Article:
Archive for 8月, 2014

Science Map is a map of science that shows mutual relation among research areas in which active research is being conducted. NISTEP periodically has been publishing a series of Science Map since 2003. The map is generated by the clustering of top 1% highly cited papers via the co-citation analysis and by the mapping of the research areas on the two-dimensional space.

This report shows results of Science Map 2010 and Science Map 2012 and discussed time series changes of Science Maps since 2002. Trends of inter-/multi- disciplinary research, international co-authorship, and share of Japan and other major countries are analyzed.

In the Science Map 2012, we proposed a new concept of Sci-GEO chart which aims to classify research areas in terms of continuity of research areas and cognitive linkage among other research areas. We applied the Sci-GEO chart to Science Maps 2002 – 2012, and found that small island type research areas, having no continuity from the previous Science Map and showing weak cognitive linkage with other research, account for about 40% of all research areas and continent type research areas, having continuity from the previous Science Map and showing strong cognitive linkage with other research, accounts for about 20% of all research areas.

This study investigates the current status and characteristics of social and regional engagement, including management aspects, relationship with government, continuing professional development and consulting services, of higher education institutions (universities and colleges) in Japan. With regards to social and regional engagement, many institutions have provided a variety of program. Especially national universities, which are often classified as comprehensive universities including sience and technology departments, have a wide range of programs in places that facilitate social and regional engagement. Many of higher education institutions have developed the organizational structure and operational management. While many national and public universities have set up incentivizing measures to encourage professors to engage with the society, many of private universities and junior colleges have yet to develop incentivizing measures. Although many national universities actively have engaged with their society, the procurement of the necessary human resource and financial capital to conduct programs is a critical challenge in the future.There were a wide variety of social and regional engagement programs run by different institutions that differ depending on institution classification, specialization, and size. Instead of standardizing these programs by applying a unified set of rules and guidelines, instituting a diverse system that reflects the unique organizational characteristics of the institution and needs of surrounding society would be more effective in developing social and regional engagement programs. By allowing institutions to devise a system that fits their schools and region, higher education institutions can facilitate more dynamic and active programs for their society and region.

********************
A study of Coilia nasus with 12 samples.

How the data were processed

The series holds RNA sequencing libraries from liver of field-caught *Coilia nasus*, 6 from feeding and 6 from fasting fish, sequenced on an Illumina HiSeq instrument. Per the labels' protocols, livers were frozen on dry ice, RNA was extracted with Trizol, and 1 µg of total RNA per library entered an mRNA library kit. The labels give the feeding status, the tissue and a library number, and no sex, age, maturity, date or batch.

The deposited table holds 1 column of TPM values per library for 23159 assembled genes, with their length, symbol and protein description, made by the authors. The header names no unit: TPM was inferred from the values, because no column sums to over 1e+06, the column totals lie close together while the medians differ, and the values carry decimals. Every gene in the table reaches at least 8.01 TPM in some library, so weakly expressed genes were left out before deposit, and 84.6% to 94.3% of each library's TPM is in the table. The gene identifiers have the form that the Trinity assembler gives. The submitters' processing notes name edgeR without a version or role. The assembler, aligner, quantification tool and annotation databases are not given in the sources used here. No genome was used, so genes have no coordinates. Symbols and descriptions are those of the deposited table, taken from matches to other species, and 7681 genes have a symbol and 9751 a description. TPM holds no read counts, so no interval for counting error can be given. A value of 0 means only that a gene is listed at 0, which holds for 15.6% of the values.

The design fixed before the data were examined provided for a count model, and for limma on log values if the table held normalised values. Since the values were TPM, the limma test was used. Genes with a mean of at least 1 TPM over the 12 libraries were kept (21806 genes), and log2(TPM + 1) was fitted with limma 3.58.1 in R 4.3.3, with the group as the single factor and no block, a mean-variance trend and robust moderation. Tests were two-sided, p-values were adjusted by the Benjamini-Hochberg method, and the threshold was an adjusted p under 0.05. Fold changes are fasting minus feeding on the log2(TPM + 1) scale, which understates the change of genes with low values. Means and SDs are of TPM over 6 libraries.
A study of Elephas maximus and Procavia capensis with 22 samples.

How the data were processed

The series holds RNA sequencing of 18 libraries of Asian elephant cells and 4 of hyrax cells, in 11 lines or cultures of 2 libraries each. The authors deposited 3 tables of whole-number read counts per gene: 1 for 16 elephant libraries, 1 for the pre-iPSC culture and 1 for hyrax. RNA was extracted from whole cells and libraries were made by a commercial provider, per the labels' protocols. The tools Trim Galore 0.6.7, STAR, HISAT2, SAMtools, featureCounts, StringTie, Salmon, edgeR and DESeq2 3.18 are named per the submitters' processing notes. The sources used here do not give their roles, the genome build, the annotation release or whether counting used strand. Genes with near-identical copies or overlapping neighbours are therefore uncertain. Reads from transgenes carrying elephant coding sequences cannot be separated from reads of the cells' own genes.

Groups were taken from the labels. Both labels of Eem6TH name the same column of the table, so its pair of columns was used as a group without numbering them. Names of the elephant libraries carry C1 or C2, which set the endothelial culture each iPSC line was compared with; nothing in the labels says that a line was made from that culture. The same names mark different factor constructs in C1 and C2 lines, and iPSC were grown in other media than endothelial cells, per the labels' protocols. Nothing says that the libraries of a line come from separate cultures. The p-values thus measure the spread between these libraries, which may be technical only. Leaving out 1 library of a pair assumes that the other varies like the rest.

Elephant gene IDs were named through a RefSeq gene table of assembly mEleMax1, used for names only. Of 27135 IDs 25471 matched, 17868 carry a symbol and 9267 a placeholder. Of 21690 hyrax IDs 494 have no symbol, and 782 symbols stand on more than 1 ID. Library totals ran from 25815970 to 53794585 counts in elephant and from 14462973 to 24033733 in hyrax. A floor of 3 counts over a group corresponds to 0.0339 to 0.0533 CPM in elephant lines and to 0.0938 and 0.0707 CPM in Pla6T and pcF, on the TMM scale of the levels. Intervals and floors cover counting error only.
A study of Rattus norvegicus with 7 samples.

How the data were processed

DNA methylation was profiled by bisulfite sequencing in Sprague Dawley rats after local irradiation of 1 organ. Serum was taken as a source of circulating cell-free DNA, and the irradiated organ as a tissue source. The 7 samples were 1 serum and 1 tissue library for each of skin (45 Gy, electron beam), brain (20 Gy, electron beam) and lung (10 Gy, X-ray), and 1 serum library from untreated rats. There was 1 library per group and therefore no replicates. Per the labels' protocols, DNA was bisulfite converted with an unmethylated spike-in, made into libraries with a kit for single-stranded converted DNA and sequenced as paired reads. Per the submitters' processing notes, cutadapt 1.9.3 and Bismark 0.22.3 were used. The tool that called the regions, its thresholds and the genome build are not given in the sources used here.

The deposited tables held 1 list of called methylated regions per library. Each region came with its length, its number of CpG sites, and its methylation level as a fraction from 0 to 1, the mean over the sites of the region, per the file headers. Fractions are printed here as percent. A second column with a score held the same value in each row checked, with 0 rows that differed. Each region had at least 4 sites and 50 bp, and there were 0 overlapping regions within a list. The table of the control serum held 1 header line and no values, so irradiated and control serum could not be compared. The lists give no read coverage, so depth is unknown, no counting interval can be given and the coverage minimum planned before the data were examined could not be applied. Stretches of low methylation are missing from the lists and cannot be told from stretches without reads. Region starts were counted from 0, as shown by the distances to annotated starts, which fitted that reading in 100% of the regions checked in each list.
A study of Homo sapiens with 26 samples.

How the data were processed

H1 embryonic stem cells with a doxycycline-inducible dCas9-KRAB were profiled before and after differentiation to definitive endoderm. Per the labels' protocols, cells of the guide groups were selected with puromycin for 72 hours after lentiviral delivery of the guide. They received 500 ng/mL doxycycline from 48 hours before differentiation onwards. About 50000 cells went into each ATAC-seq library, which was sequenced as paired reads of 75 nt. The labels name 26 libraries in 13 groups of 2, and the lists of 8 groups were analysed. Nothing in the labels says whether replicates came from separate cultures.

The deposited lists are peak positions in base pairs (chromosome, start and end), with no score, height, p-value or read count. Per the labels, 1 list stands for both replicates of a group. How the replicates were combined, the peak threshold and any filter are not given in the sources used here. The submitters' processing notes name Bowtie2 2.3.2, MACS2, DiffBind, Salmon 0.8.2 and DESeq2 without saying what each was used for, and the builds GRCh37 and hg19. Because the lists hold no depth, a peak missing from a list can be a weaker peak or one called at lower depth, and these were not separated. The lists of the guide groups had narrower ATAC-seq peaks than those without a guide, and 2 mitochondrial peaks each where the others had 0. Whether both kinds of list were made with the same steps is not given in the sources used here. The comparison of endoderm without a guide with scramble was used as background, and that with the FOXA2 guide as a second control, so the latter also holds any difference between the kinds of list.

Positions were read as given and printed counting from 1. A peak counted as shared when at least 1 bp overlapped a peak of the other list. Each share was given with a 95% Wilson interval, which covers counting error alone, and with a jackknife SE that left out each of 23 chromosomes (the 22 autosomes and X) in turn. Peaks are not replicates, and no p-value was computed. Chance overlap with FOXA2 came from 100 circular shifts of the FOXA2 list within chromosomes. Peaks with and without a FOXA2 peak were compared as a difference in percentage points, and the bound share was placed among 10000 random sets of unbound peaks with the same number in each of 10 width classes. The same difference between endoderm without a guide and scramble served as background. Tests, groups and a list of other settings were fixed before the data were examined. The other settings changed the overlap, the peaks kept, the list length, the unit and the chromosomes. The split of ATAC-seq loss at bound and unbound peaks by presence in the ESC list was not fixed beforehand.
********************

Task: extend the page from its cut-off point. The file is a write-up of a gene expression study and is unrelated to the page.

“Science and Technology Indicators” is a basic resource for understanding Japanese science and technology activities based on objective, quantitative data. It classifies science and technology activities into five categories, R&D Expenditure; R&D Personnel; Higher Education; The Output of R&D; and Science, Technology, and Innovation. The multiple relevant indicators (approximately 150 indicators) show the state of Japanese science and technology activities. “Japanese Science and Technology Indicators 2014” adds a new indicator that utilizes the results of the Japanese National Innovation Survey in time-series comparison. In indicators related to human resources development, data representation has been improved to more clearly show the status of women and international students. Additionally, seven column-style articles use indicators to focus on timely issues and specific themes from today’s society.

Using “Japanese Science and Technology Indicators 2014” to look at conditions in Japan, total Japanese R&D expenditure has changed little since 2009. The percentage of researchers who are female is especially small in the business enterprise sector. The number of female students enrolling in Japanese higher education institutions is rising. Japan ranked number one in the world in share of patents (patent families) during the 2000s. Japan’s competitive superiority of its high-technology industries is falling, but the competitiveness in medium high-technology industries is maintained high level.